Virginia Governor and City of Charlottesville Declare State of Emergency Ahead of White Supremacist Rally Anniversary

Illustration for article titled Virginia Governor and City of Charlottesville Declare State of Emergency Ahead of White Supremacist Rally Anniversary


The state’s executive order, which has the potential to remain in effect until September 12, sets aside $2 million of state money for securing Charlottesville on this potentially treacherous anniversary. The Virginia National Guard will be authorized to assist in protecting the area. CBS affiliate WCAV-TV reported on Wednesday that local response preparations have been in development since March.

The city is anticipating a large turnout for its commemoration of three people who died on August 12, the second day of last year’s rally, including Heather Heyer, an anti-fascist counter-protester who was killed when James Fields allegedly plowed his car through the crowd. In June, Fields was charged with federal hate crimes. Two police officers were also killed in a helicopter crash near Charlottesville on that day.

Northam said of the decision, “Declaring this state of emergency in advance of the anniversary and the related planned events will help us ensure that the state and the city have all available resources to support emergency responders in case they’re needed. Virginia continues to mourn the three Virginians who lost their lives in the course of the demonstrations a year ago. We hope the anniversary of those events passes peacefully.”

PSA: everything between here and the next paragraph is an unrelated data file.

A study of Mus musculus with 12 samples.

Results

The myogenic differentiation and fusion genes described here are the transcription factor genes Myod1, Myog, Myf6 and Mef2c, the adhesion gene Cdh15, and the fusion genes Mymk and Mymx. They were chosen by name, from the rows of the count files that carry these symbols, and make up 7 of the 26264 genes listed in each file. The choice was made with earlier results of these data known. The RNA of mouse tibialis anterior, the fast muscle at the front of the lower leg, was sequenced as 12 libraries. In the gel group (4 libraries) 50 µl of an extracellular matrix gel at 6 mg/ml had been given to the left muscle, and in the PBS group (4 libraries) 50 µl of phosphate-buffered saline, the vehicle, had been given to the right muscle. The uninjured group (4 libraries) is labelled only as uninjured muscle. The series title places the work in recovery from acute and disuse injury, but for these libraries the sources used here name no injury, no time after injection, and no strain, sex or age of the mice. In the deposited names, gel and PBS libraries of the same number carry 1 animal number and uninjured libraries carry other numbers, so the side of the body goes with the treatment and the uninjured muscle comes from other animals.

Jason Kessler, who organized last year’s violent display, officially abandoned his federal court challenge of the Charlottesville’s decision not to grant him a rally permit to reprise his racist rally on its one-year anniversary, August 11 and 12. Instead, Kessler is bringing his rally to D.C.; counter protesters have planned many D.C. events as well.

In December, an independent review conducted by former U.S. Attorney Tim Heaphy found that law enforcement’s response to the violent white supremacist rally failed in many ways and lead to a “deep distrust of government” among Charlottesville residents.

contributing writer, nights



I live in Charlottesville and we are all freaked out and are bracing ourselves for the worst (again). A lot of businesses and events are trying to make the call about whether or not it’s safe to stay open and the city still won’t communicate the kinds of threats they’re aware of, or issue any warnings. My department is closing early tomorrow and encouraging people to work from home but I’m lucky because it’s all very piecemeal. It feels like we’re completely on our own, which is how I felt a year ago.